Judicial and Public Safety discusses EMS updates

The Marquette County Judicial and Public Safety committee met on February 1st, where they heard updates from the EMS Department, discussed collecting bills for Humane Officer incidents, and voted on having a county-hired Medical Examiner instead of an elected Coroner.

At the start of the meeting, EMS Director Robert Lulling gave an update on his department. He told the committee that COVID was hitting their department hard, and they had been down a worker at a time for the past eight weeks because of it.

He then said that they had a new ambulance ordered that will be delivered in January 2023. He planned on eventually replacing all of the department’s ambulances, as they all had bad wiring and electronics, and the vehicle boxes were from the 1980s and 90s. Lulling hopes to use extra revenue to help pay for the new ambulances and feels that they shouldn’t need to use the general fund. They also could potentially use ARPA funds to help offset the costs.

Lastly, he reported that they were also selected to participate in a mandatory Medicare survey called the Ground Ambulance Data Collection Survey. This studies Medicare reimbursement rates and is a 50-page document that is filled out each month that collects data on everything they do and spend money on. This will be completed over the next year and a report will be submitted about halfway into 2023. If they were to not complete the report or if it were to be considered unsatisfactory, they would lose 10% of their Medicare payments. 

Members on the committee asked if there had been any talks about helping out areas like Marquette County that have no hospital in their area of coverage with extra funding. Lulling said he believed that was why they were doing this study now. He thought that they realized that what they paid Marquette County wasn’t cutting it and Lulling hopes that after the study is completed, that Medicare will increase their payments. He did report that Medicaid would be increasing their payments this year, saying that they would get closer to $150 per call for Medicaid patients, rather than $100. Almost 80% of their cases involve Medicare patients, though, and Lulling said that any increase will be huge for that.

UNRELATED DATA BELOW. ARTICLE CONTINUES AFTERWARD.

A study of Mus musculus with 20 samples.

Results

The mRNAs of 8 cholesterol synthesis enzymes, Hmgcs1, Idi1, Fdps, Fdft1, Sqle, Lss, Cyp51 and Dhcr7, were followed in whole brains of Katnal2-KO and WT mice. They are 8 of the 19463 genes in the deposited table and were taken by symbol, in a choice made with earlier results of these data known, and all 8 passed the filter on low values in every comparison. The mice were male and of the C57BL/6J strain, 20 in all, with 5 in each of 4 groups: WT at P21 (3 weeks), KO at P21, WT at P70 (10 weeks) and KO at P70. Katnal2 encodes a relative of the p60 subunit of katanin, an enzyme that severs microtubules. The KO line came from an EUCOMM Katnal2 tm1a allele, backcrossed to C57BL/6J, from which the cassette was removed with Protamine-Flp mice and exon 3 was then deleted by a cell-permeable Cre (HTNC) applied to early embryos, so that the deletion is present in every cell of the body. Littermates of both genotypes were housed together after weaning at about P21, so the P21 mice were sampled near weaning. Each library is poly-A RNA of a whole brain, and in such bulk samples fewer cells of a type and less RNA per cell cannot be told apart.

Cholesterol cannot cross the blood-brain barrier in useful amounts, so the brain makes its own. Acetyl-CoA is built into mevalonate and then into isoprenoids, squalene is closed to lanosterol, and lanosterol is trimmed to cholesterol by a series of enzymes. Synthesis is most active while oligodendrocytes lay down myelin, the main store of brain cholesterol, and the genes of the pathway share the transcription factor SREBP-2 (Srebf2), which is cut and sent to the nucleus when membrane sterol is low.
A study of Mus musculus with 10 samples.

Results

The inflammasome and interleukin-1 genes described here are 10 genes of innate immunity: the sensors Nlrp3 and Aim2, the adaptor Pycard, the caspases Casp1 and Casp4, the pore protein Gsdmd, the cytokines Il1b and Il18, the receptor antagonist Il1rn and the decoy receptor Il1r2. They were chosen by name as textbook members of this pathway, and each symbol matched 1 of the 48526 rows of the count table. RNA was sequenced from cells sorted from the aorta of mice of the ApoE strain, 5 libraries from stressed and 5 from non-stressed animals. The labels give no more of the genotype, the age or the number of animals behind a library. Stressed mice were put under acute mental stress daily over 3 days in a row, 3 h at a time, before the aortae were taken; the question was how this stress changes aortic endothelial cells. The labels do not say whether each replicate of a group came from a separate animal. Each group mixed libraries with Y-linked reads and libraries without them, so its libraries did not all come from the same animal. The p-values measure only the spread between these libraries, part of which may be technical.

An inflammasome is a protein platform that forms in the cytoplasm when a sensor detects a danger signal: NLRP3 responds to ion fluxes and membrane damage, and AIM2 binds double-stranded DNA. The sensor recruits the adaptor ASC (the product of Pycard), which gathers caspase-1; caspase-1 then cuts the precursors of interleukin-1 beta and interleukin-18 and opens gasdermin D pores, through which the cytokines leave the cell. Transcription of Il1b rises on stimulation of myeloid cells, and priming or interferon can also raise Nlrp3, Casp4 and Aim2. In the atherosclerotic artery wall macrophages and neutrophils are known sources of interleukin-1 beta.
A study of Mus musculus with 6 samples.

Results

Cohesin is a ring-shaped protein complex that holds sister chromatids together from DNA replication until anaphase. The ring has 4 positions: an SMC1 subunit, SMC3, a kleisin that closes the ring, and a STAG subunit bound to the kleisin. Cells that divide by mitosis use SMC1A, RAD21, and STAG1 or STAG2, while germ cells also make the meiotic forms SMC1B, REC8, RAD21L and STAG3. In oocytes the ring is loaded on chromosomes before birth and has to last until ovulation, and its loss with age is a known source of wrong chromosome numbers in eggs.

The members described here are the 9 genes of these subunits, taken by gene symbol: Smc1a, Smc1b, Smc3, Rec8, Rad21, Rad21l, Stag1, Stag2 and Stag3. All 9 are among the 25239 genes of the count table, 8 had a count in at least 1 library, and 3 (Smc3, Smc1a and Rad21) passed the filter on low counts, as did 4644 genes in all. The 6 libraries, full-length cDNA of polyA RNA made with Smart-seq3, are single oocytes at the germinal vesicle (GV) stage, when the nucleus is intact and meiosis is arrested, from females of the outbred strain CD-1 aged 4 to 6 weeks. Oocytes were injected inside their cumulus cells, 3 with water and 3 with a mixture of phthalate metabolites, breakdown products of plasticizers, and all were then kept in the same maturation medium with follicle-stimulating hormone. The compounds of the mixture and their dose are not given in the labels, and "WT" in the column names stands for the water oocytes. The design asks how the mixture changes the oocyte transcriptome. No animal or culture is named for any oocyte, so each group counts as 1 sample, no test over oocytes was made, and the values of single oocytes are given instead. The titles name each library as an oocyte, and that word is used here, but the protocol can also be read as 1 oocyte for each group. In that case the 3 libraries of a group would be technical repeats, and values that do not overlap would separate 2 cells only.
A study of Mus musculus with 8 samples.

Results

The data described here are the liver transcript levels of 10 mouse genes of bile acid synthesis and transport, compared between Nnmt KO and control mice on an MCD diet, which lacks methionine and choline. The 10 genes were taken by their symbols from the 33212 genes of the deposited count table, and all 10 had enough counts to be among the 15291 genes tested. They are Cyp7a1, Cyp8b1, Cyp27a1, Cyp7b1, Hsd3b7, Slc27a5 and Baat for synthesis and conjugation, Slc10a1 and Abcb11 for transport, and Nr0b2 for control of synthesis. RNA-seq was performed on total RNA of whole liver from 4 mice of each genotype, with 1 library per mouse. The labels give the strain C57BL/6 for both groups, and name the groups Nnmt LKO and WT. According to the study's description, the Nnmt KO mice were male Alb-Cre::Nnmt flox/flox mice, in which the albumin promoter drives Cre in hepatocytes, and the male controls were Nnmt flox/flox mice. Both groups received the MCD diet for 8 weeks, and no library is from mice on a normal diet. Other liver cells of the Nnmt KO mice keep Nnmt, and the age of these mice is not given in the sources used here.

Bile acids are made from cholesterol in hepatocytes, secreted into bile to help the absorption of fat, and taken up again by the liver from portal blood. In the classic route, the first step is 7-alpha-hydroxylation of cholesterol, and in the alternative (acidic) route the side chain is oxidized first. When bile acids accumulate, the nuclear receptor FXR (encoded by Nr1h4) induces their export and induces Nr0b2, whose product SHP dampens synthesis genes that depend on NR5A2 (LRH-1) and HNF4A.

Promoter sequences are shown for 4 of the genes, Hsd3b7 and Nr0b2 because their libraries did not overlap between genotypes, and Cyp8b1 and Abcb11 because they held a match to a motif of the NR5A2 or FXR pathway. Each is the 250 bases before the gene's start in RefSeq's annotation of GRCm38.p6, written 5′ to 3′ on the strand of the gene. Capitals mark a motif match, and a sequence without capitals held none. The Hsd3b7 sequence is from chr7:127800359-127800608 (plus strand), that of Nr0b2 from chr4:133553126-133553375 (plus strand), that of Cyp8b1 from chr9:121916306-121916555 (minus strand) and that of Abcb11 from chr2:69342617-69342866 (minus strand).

Sheriff Joseph Konrath then reported on how COVID was affecting his office. He said that the jail was healthy with no sick inmates and he thanked Health Director Jayme Sopha for her department’s vaccination efforts in the jail. Then he reported that they had four patrol deputies that were out sick and were being covered by overtime shifts. 

They then discussed the Humane Officer and collecting bills. They had previously had an issue with how collections were done. The contract the Humane Officer has makes it the county’s responsibility to collect citations, but offenders were often able to get their animals back without paying their citation. The county had no real way of enforcing those citizens to pay the citation, based on how things were currently set up. The committee discussed their options for changing this, including tax intercept options and small claims. This will be brought back for further discussion at a future meeting.

Finally, they went into closed session to discuss the position of the Coroner. When they came out of the closed session, they passed a motion that said: to eliminate the position of Coroner once the current term was completed and create the department of Medical Examiner, effective January 1st, 2023. The position will be under the oversight of the County Administrator with fiscal impact to be determined. This action was forwarded to Executive and Finance Committee for further consideration. 

The current office of the Coroner is part-time and since current Coroner Tom Wastart began, the amount of work required has gone up significantly. Wastart had brought this to the committee’s attention previously out of concern for future potential coroners and since then, they had decided to eliminate the office and replace it was a Medical Examiner position. Other counties have done the same and it will allow them to have potentially better qualified individuals in the position. It will also give the County oversight over the position, as it will be no longer an elected position. They plan on transitioning current Coroner Tom Wastart to the new position once the change occurs, if passed by the full county board.